Larry Shinoda

1963 Corvette Sting Ray Coupe
1968 Corvette Sting Ray Convertible
1970 Boss 302 Mustang

Lawrence Kiyoshi (Larry) Shinoda (March 25, 1930 – November 13, 1997) was a noted American automotive designer who was best known for his work on the Chevrolet Corvette and Ford Mustang.

He was born in Los Angeles, California to parents who were both Japanese immigrants: Kiyoshi Shinoda arrived in the US when he was 12, and Hide Watanabe when she was 1. Larry had a sister, Grace, that was six years older than him, who was also artistically inclined.[1] He grew up in Southern California where he started developing his artistic talents in grade school.[2] Kiyoshi died when Larry was 12. He was interned with his sister, mother, uncle, two aunts and a grandmother by the U.S. government during WW II under U.S. Executive Order 9066 into a "War Relocation Camp" at Manzanar, California.[3][4]

At camp, he snuck past the barbed wire to play and fish. His first recorded functional design was a set of reclining back chairs for his mother and grandmother at the incarceration camp that attracted the admiration of other incarcerees.[3] After being released from camp in the spring of 1944, the family moved to Grand Junction, Colorado to help out at the farm of the paternal side of the family who had escaped incarceration by fleeing California.[1]

As a young man, he built hot rods and raced them on the streets of Los Angeles.[2] With his 1924 Ford roadster, he won the Fuel Eliminator class at the first NHRA U.S. Nationals held in Great Bend, Kansas in 1955.[2][5]

Shinoda attended the Art Center College of Design in Los Angeles (before it moved to Pasadena) but was kicked out, and went to work first for Ford Motor Company in 1955, then briefly with Packard, then General Motors in late 1956. Shinoda designed the Mako Shark show car. Working with GM design chief Bill Mitchell and Corvette chief engineer Zora Arkus-Duntov, he refined the XP 819 and other concept cars that eventually translated into the original 1963 Corvette Sting Ray design. Shinoda also led design work on the revised 1968 version that borrowed heavily from his Mako Shark design. He also participated in the 1965 redesign of the Chevrolet Corvair, giving that car its sleek "Coke bottle" shape.

In 1968 Henry Ford II hired former GM executive Bunkie Knudsen to be president of Ford. Knudsen recruited Shinoda to come to Ford in hopes of improving the styling and sales of Ford's lineup. Shinoda's first project at Ford was a high-performance Mustang known as the Boss 302 Mustang.[6] Reportedly Shinoda chose the name "Boss" as a homage to Knudsen. He led design used for Mustang models for 1970-1973 as well, but when Knudsen was fired from Ford late in 1969, Shinoda left as well.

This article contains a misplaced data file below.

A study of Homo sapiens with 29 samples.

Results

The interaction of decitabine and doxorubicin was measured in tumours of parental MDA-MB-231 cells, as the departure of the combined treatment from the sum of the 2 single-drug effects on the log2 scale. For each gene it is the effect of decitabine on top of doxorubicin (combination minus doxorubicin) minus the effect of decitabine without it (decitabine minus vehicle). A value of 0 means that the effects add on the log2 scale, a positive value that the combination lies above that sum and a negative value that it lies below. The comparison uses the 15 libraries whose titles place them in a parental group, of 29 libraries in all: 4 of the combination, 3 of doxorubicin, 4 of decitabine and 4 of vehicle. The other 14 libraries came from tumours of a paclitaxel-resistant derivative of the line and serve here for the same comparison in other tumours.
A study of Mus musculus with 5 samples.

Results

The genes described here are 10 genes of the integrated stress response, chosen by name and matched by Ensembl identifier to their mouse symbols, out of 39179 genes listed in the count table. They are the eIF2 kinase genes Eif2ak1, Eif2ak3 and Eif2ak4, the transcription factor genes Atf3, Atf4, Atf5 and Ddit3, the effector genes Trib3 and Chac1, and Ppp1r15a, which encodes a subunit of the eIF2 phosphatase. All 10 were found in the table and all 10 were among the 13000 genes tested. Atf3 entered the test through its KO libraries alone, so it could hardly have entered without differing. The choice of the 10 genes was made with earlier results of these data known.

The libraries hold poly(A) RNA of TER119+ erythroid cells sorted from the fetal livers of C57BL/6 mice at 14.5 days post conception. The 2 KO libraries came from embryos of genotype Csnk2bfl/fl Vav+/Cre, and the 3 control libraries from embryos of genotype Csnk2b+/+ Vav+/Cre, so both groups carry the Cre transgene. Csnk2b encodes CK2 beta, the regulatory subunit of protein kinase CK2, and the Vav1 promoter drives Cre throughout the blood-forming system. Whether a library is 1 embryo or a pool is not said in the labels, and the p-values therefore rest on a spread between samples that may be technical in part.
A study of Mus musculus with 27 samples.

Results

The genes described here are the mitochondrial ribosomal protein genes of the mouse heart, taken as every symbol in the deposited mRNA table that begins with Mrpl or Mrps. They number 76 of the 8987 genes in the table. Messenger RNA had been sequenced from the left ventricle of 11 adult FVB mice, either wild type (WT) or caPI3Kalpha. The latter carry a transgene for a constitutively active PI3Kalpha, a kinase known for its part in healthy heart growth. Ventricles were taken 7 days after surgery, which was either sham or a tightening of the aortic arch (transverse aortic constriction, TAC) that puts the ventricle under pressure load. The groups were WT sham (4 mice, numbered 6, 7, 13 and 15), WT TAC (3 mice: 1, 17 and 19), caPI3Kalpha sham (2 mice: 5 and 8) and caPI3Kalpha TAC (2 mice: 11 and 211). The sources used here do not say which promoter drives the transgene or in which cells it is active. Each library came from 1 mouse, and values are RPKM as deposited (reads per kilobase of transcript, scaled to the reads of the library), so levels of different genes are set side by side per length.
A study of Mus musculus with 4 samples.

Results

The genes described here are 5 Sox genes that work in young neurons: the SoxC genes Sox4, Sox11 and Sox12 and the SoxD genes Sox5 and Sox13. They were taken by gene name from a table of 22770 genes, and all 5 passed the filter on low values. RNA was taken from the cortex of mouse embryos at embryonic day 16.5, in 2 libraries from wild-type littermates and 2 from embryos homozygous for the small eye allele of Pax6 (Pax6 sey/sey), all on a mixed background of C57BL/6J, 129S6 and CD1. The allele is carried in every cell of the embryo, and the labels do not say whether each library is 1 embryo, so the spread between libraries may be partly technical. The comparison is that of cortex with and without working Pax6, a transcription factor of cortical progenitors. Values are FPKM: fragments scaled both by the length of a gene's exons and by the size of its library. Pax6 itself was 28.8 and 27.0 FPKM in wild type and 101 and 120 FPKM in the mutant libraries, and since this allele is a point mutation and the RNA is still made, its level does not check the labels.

After leaving Ford, Shinoda and Knudsen co-created Rectrans, which built recreational vehicles. In 1969, while working there, Shinoda designed the "American Dragster" slingshot streamliner dragster.[7] This car had a fully enclosed wedge-shaped body, with only the front wheels, fitted with lakester-style wheel discs (Moon discs), exposed.[8] Little is known about the project, although Rectrans was working with fiberglass composites and monocoque chassis.[9] It is likely interest was sparked by Shinoda's pre- and post-WW2 experience racing roadsters in the Los Angeles area.[10]

Shinoda later opened an independent design firm and did work for GM, Ford, and aftermarket companies. In addition to its in-house team, he was one of three designers under contract with American Motors Corporation (AMC) to create and build clay models of a vehicle then known as XJC, which later became the Jeep ZJ (Jeep Grand Cherokee) after Chrysler's buyout of AMC in 1987. Shinoda claimed that his design proposal for the Grand Cherokee was stolen by AMC executives and that he was improperly compensated. Shortly before his death in 1997, Chrysler, the successor of AMC, settled with Shinoda for more than $200,000.[11]

Shinoda began to have kidney problems in 1996, yet continued to be an active designer.[3] Before a transplant surgery could take place, he died in 1997 at his home in Bloomfield Hills, Michigan of heart failure at age 67.[2] His daughter, Karen, formed Team Shinoda (now Shinoda Performance Vehicles), a tuner and performance parts company.[12]


  1. ^ a b "Manzanar ID Card: GRACE AIKO SHINODA; Family # 20983; Camp: Manzanar, CA". National Park Service.
  2. ^ a b c d Koveleski, Oscar. "The Designer". Pasadena City College. Archived from the original on 12 February 2011. Retrieved 16 November 2010. CS1 maint: discouraged parameter (link)
  3. ^ a b c "Larry Shinoda - 1998 Induction to the Corvette Hall of Fame". National Corvette Museum. Retrieved 16 November 2010. CS1 maint: discouraged parameter (link)
  4. ^ "Manzanar ID Card: LAWRENCE KIYOSHI SHINODA; Family # 20983; Camp: Manzanar, CA". National Park Service.
  5. ^ Larry Shinoda - Daniel Strohl, Hemmings, April 2010
  6. ^ Auto Editors of Consumer Guide (9 February 2007). "Larry Shinoda: Creator of the Ford Mustang Boss 302". Retrieved 16 November 2010. CS1 maint: discouraged parameter (link)
  7. ^ Taylor, Thom. Larry Shinoda 'American Dragster' Concept, in "Beauty Beyond the Twilight Zone", p.40.
  8. ^ Taylor, p.40 photo.
  9. ^ Taylor, p.40.
  10. ^ Taylor, p.40.
  11. ^ Rothenberg, Al (1 March 1998). "Design Debate - Who's the father of the Jeep Grand Cherokee". Ward's AutoWorld. Archived from the original on 2 December 2010. Retrieved 16 November 2010. CS1 maint: discouraged parameter (link)
  12. ^ "About Us". Team Shinoda. Archived from the original on 2011-07-16. Retrieved 16 November 2010. CS1 maint: discouraged parameter (link)


  • Taylor, Thom. "Beauty Beyond the Twilight Zone" in Hot Rod, April 2017, pp.30-43.